There have been great debates about the future of PR and if there is one at all. Times continue to change, and PR practices have evolved immensely. A good part of the discussion focuses on the crop of graduates coming out of universities and if they can be trusted to shape a future for the PR profession. The editor-in-chief of PRWeek wrote this article http://www.prweek.com/article/1394934/i-seen-future-pr-works, addressing this debate after visiting Boston University’s College of Communication. Looking at the state of PR as it is, the possibilities are numerous but so are the prospective challenges.
Adapting to Digital Media
The advantage of digital media is one factor that has contributed to the evolution of PR. PR professionals that are entering the market currently have to deal with the integration of digital media into standard practices. However, it does not look like that will be a problem with the students of PR in colleges. This generation is one that has been born into the digital age. These are young adults who have grown up making friends on Facebook and following news on Twitter. In a world where a greater fraction of consumers gets their information online, PR professionals have had to adjust to suit those needs. Future pros will have no problems developing campaigns that capitalise on digital media.
Passing on Knowledge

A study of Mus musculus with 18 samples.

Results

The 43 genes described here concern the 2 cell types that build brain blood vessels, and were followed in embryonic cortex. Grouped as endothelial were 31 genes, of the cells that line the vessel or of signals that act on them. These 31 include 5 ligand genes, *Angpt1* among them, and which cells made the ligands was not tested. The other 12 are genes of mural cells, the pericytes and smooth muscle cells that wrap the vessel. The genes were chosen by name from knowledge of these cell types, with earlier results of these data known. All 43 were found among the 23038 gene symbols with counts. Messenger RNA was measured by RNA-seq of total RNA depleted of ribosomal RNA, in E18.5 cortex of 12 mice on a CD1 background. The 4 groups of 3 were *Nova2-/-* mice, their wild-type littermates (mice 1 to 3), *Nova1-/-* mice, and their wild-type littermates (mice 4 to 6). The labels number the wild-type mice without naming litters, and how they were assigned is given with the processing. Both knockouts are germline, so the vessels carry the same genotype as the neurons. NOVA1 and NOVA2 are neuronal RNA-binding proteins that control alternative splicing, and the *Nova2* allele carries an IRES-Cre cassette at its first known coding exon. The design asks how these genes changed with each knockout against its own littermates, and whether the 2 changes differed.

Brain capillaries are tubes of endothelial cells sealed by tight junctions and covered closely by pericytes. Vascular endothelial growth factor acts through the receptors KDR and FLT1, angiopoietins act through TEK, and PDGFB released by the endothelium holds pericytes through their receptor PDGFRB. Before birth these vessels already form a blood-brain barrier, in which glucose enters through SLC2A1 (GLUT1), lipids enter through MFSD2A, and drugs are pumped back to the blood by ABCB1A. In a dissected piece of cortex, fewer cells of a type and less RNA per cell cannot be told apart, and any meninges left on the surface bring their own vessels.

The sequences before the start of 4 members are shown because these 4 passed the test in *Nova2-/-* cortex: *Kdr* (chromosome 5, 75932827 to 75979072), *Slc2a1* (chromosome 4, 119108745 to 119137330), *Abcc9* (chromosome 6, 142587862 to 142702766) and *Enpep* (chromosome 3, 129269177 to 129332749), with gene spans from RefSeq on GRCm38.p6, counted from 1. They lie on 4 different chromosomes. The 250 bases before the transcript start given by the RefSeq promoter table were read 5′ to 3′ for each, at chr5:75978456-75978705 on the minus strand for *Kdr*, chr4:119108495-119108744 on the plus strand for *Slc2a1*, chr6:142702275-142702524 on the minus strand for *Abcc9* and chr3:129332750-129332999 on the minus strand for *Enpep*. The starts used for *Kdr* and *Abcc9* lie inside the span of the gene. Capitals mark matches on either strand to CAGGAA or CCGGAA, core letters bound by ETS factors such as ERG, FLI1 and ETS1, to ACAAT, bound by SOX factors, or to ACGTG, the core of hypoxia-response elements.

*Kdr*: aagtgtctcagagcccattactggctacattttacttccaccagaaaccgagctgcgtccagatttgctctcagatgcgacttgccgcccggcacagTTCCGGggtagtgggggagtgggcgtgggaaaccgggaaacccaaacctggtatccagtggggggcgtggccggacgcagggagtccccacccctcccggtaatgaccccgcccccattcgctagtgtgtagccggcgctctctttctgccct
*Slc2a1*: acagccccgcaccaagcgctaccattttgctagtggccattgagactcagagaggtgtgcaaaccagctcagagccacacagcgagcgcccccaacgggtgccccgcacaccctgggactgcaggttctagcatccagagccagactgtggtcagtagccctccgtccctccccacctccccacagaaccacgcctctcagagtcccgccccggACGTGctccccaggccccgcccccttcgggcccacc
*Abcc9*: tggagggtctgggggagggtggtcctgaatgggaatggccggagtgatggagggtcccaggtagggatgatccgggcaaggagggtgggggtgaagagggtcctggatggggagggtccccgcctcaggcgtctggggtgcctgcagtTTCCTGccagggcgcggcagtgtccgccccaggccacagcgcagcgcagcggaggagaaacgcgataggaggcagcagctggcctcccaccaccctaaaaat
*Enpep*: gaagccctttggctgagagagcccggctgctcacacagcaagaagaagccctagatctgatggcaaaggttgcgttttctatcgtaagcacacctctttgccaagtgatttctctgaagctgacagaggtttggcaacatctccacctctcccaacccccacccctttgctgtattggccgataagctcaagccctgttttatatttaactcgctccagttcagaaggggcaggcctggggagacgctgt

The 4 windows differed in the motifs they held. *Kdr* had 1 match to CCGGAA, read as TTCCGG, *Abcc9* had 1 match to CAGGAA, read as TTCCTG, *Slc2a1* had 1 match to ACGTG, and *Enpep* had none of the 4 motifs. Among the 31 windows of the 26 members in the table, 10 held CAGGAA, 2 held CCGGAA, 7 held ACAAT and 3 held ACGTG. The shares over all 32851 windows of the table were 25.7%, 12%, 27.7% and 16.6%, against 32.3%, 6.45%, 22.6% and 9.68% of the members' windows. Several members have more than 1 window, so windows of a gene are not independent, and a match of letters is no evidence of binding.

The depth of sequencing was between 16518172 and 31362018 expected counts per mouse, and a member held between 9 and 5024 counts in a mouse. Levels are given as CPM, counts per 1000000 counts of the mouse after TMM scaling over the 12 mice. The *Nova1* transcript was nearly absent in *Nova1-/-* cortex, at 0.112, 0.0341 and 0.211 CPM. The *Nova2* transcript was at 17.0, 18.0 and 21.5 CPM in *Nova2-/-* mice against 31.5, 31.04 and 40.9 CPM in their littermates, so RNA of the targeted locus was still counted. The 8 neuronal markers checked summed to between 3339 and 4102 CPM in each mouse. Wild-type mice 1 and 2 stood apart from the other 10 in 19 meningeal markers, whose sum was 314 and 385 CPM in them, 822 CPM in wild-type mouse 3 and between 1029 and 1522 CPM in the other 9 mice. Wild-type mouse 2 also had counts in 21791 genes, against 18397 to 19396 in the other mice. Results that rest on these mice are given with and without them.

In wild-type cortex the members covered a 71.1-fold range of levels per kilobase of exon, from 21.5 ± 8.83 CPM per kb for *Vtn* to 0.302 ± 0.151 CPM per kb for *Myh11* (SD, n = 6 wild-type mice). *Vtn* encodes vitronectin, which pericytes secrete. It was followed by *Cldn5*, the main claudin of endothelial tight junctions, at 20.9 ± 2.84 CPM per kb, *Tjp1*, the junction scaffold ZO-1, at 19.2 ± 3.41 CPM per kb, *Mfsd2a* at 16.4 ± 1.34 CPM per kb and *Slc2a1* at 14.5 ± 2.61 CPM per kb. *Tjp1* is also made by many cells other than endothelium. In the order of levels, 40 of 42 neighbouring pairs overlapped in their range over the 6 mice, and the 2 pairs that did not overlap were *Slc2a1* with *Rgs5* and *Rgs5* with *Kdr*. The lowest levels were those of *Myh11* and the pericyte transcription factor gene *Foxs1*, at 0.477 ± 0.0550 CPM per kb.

Another take from looking at the case study of Boston University is veterans in the PR industry going back to school to teach young minds. Even with all the changes that the industry is going through, some things remain the same. The interactions between PR pros that have been in the field for years and incoming ones who still have a lot to learn speaks well for the future of PR. The people entrusted with the industry have to know where it all started and how to make use of those traditional practices. Granted that dynamics such as the PR-marketer, PR- journalist, and PR-consumer are experiencing changes, the traditional public relations is still powerful.
Students currently in communications school are getting enough ammunition to face the job market. There have always been complaints of graduates not being able to live up to the standards that employer are searching for. Colleges such as the BU and others are working harder to provide the best professionals in the field. Technologically advanced facilities such as production studios, research centres, radio, and TV stations have become familiar sights in PR schools. As this trend continues, the PR profession will see first timers that are well-equipped and with a unique understanding of how the technologically charged market works. The current generation of aspiring PR pros also expresses their interest in supporting humanitarian causes. Most of these sentiments originate from experiences; and therefore, act as motivation. PR students also have clear objectives of where they want to start and the best place to do it. A majority believe that working at a PR agency after graduating is the best course of action before handling clients.
Evaluating where the PR sector is heading requires a careful analysis for multiple variables. At a glance, the generation that is responsible for driving the industry forward appears to have everything well in hand, and that shows hope for PR.